Democrats propose $20 million for Montana's struggling behavioral health system

Montana Democrats are proposing an immediate infusion of $20 million into the state’s behavioral health system, saying it's on the brink of collapse.

Rep. Ed Stafman, a Democrat from Bozeman, said he would have the money distributed tomorrow if he could.

“I can’t emphasize enough what dire situation we have with our mental health system, both adult and children,” Stafman said.

Lawmakers are debating how much to increase Medicaid reimbursement rates for health care providers this session, after a study found providers were underpaid by tens of millions of dollars. But Stafman says providers can’t wait until next fiscal year, that they need help now.

Stafman is carrying House Bill 248, which would fully fund the study’s recommended rate increase for fiscal year 2023 with the state’s $2 billion surplus. It would go into effect as soon as the governor signed it.

The Montana Medical Association, the National Alliance on Mental Illness Montana chapter, Benefis Health System and Shodair Children’s Hospital all spoke in support.

No one spoke in opposition, but some lawmakers voiced concern about how to limit the spending and whether the levers of government could work fast enough for the funds to make a difference.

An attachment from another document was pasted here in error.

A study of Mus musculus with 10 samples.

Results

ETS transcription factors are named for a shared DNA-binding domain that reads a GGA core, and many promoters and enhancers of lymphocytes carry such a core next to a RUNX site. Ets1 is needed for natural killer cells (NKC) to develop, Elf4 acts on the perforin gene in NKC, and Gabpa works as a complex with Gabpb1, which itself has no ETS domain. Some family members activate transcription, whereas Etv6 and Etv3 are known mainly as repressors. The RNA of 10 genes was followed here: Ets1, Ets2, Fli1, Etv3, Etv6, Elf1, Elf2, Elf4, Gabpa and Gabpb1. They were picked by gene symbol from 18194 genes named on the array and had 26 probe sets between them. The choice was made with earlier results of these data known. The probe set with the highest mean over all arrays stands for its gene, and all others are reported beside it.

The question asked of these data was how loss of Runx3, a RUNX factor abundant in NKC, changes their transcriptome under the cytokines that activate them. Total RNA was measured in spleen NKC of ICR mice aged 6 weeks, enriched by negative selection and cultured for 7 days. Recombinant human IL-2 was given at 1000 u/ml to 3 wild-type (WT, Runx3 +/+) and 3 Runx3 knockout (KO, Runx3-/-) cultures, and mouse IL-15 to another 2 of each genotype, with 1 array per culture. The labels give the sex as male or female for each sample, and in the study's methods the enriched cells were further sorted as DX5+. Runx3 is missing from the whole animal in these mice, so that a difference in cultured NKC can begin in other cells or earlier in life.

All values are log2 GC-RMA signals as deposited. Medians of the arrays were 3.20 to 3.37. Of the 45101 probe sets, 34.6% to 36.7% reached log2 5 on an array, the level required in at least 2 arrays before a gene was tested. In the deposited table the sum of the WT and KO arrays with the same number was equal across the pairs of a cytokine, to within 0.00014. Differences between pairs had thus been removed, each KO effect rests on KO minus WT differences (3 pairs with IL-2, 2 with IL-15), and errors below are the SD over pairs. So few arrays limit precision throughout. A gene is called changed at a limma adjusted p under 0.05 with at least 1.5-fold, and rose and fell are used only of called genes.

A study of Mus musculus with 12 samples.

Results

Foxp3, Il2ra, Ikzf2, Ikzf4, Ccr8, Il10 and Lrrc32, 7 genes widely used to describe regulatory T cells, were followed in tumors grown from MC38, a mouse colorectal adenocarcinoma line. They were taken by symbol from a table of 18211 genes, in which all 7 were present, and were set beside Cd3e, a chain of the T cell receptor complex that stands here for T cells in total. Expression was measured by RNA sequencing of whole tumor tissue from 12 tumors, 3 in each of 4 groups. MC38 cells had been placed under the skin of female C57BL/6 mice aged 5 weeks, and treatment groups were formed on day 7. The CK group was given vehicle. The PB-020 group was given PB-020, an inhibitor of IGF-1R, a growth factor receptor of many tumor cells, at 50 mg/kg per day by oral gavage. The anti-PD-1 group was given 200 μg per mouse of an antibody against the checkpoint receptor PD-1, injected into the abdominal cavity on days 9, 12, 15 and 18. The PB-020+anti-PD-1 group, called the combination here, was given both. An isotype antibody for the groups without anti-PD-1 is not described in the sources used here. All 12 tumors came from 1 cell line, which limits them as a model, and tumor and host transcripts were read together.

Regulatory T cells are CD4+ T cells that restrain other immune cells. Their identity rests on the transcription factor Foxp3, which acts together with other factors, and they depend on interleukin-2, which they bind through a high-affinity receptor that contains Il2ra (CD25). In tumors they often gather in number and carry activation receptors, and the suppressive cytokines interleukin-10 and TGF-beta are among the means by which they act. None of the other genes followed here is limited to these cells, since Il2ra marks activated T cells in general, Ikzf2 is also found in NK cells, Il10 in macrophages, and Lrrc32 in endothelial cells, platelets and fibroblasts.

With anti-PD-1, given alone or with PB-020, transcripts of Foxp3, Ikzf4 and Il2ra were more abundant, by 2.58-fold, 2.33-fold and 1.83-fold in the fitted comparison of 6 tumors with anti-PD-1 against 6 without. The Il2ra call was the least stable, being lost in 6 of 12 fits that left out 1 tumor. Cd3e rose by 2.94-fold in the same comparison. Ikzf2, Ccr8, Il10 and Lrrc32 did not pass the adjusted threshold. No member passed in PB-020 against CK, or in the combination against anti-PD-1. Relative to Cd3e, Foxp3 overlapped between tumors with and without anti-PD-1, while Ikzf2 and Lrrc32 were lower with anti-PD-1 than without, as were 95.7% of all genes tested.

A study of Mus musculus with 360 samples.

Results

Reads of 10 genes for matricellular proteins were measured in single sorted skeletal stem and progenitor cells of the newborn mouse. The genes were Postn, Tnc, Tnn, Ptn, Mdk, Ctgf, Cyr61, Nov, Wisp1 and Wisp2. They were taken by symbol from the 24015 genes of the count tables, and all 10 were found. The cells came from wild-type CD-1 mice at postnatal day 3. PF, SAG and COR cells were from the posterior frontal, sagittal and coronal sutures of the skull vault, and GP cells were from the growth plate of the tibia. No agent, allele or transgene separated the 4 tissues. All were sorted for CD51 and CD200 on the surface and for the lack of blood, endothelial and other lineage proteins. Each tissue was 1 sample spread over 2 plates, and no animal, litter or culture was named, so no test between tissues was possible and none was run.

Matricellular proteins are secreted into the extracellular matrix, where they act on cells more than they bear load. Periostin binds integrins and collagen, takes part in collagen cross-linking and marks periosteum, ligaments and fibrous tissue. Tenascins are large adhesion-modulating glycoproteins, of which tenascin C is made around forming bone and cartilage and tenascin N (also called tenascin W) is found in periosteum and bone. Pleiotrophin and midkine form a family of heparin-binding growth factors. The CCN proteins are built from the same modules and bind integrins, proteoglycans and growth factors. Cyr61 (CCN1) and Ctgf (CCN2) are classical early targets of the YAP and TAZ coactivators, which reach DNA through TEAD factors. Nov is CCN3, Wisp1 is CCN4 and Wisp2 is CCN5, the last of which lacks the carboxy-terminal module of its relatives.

What started with budget cuts in 2017 worsened due to the pandemic and workforce shortage, leading to a significant decrease in behavioral health services.

According to the state health department, Montana lost 70 therapeutic group home beds for youth in 2022 alone.

Gov. Greg Gianforte has proposed a budget that would fill about a third of the identified provider pay gap along with an additional $25 million in one-time-only stabilization funds for the next biennium.

The goal of Stafman’s bill is to begin distributing funds no later than May 15. Stafman says the state likely wouldn’t use the full $20 million allocation because a portion should come from federal match dollars. The representative says he plans to bring a second bill later on that would provide immediate funds to nursing homes and long-term care facilities around the state.

Shaylee began covering state government and politics for Montana Public Radio in August 2020. Originally from Belgrade, Montana, she graduated from the University of Montana’s journalism program and previously worked as a reporter for the Bozeman Daily Chronicle and UM’s Legislative News Service. Please share tips, questions and concerns by emailing shaylee.ragar@mso.umt.edu.